As you might have read here on ZooBorns on July 11, that the Columbus Zoo and Aquarium in Ohio welcomed twin Amur Tiger cubs, both male. They were born on June 28 and 29. Both cubs have had their eyes open for about 10 days now, and have been taking advantage of their new sight to pad around. "It's impossible to get a picture of the two together because they won't sit still!" says a Zoo source.
Amur tigers (Panthera tigris altaica), also historically referred to as Siberian tigers, are critically endangered; fewer than 500 individuals are believed to exist in the forests of the Russian Far East. Their populations are dwindling due to overhunting of prey species such as deer and wild boar, habitat loss, and poaching for skins and body parts used in traditional Chinese medicine. Humans directly cause 75 to 85 percent of tiger deaths.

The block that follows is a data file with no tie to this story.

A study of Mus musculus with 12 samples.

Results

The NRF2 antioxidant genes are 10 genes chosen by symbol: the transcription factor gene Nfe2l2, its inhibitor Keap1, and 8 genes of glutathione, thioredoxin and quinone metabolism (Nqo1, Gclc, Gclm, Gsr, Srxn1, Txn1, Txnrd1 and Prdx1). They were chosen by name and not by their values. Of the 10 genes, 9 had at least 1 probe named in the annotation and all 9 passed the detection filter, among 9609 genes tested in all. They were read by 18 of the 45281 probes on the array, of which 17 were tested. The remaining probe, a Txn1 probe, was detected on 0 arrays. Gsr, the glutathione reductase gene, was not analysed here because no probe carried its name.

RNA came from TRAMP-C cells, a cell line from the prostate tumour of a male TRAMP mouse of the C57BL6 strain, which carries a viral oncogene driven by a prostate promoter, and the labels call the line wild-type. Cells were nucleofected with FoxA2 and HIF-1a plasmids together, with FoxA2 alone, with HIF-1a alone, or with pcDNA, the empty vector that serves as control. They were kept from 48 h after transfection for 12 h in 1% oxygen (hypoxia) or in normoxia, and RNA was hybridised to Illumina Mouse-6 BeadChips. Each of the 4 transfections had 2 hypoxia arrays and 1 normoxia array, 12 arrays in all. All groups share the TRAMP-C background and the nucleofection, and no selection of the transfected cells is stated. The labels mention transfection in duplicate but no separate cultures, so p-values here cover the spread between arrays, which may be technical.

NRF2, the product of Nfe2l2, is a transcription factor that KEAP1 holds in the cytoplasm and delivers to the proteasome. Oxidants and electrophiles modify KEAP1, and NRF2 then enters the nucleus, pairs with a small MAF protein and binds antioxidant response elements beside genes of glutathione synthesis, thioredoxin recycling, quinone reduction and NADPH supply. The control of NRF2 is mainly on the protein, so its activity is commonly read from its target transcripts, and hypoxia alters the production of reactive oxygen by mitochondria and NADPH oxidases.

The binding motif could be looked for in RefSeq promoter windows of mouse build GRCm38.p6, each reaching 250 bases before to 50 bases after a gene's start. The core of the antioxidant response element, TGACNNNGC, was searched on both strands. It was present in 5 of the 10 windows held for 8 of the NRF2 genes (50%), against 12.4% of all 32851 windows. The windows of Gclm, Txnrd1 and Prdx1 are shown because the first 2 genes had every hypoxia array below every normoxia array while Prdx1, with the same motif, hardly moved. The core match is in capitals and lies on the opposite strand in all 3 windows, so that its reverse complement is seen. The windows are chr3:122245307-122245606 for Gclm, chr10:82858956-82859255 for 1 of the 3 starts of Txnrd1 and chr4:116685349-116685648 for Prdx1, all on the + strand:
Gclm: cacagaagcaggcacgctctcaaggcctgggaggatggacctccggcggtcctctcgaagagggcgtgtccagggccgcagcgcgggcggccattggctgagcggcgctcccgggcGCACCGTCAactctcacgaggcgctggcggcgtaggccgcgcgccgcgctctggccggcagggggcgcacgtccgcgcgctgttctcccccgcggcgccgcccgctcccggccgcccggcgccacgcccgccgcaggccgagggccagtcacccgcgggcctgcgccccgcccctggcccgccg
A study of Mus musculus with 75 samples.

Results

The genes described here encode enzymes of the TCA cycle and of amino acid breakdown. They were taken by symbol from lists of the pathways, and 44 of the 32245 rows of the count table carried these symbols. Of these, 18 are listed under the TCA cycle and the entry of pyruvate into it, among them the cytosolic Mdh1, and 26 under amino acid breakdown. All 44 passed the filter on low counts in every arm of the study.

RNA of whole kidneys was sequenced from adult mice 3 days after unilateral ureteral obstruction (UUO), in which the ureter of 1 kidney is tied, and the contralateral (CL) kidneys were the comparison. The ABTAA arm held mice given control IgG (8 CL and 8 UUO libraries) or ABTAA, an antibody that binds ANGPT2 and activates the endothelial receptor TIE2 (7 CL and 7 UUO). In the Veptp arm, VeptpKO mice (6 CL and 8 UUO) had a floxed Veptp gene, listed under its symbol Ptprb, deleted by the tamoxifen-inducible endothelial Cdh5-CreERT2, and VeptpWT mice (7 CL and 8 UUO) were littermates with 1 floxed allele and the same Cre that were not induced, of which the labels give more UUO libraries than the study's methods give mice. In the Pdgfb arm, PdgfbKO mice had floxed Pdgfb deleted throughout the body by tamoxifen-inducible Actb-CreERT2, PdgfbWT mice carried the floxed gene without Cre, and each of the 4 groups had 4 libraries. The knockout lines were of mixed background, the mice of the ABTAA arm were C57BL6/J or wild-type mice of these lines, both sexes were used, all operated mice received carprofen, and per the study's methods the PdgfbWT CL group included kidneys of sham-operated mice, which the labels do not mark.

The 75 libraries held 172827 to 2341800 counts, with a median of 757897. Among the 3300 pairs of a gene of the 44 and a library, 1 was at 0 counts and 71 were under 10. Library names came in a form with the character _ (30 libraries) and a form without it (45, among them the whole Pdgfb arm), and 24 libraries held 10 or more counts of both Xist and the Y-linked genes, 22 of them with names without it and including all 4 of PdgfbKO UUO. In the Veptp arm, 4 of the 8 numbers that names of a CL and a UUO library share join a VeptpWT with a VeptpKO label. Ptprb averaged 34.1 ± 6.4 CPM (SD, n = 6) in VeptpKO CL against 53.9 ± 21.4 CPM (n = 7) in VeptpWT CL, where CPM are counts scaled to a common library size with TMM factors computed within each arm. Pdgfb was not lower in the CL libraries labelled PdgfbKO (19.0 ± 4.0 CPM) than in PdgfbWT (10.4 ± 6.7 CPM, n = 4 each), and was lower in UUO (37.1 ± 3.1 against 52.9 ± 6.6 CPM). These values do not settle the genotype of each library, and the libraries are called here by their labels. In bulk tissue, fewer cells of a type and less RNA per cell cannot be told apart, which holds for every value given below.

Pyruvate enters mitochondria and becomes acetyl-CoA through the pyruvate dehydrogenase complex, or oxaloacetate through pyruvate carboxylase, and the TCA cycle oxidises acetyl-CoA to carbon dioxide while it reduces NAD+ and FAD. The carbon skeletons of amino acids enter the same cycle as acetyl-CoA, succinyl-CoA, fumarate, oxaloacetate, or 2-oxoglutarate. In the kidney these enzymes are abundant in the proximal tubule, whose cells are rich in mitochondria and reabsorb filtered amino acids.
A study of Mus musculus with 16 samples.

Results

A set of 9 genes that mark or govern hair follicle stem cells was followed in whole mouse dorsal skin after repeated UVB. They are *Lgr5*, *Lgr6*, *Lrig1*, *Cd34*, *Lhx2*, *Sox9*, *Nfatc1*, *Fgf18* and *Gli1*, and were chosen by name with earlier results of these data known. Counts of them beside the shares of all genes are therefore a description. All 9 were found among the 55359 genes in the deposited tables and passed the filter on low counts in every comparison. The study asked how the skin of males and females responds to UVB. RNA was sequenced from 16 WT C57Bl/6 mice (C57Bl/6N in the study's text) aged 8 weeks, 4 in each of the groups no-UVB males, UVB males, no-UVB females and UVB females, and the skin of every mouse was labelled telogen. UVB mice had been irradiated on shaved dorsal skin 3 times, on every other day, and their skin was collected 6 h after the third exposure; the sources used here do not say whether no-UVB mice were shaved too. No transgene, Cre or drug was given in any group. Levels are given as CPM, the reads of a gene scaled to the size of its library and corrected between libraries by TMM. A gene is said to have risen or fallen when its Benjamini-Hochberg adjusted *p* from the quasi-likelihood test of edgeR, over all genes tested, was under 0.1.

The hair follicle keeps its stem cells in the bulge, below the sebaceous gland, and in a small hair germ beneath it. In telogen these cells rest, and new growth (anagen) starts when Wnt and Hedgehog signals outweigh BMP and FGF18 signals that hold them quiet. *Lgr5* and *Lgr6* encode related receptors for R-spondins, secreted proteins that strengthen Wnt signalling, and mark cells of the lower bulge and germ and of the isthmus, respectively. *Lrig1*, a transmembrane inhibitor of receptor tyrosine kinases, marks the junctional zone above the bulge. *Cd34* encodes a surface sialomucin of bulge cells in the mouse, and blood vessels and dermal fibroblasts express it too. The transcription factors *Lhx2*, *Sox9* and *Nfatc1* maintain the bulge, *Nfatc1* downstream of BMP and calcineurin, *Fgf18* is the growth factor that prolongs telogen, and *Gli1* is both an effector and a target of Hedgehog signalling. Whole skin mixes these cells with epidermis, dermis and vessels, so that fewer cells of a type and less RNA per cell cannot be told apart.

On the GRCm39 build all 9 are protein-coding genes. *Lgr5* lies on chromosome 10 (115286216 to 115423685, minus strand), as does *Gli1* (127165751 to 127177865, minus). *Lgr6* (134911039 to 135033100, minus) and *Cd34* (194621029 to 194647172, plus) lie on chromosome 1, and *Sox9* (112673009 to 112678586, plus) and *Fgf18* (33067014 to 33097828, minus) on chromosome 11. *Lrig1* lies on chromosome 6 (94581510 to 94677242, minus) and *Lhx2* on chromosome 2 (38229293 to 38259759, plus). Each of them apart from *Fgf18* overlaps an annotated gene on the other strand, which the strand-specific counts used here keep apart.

Read more about what is being done to conserve this species after the jump.
The Columbus Zoo is a long-term supporter of the Siberian Tiger Project which was established in 1992 by the Wildlife Conservation Society. The Zoo’s funding contributes to improving human-tiger conflict mitigation, increasing capacity for young Russian scientists, and biological monitoring of tigers through camera trapping, track surveys and radio collaring.
The tiger is the largest of all cat species. Native to Asia there are six living and three extinct subspecies of tiger. Currently there are fewer than 150 Amur tigers in 50 AZA institutions in North America. These tigers are considered pedigreed since they have a known ancestry and breeding recommendations to maintain genetic diversity are managed by a studbook.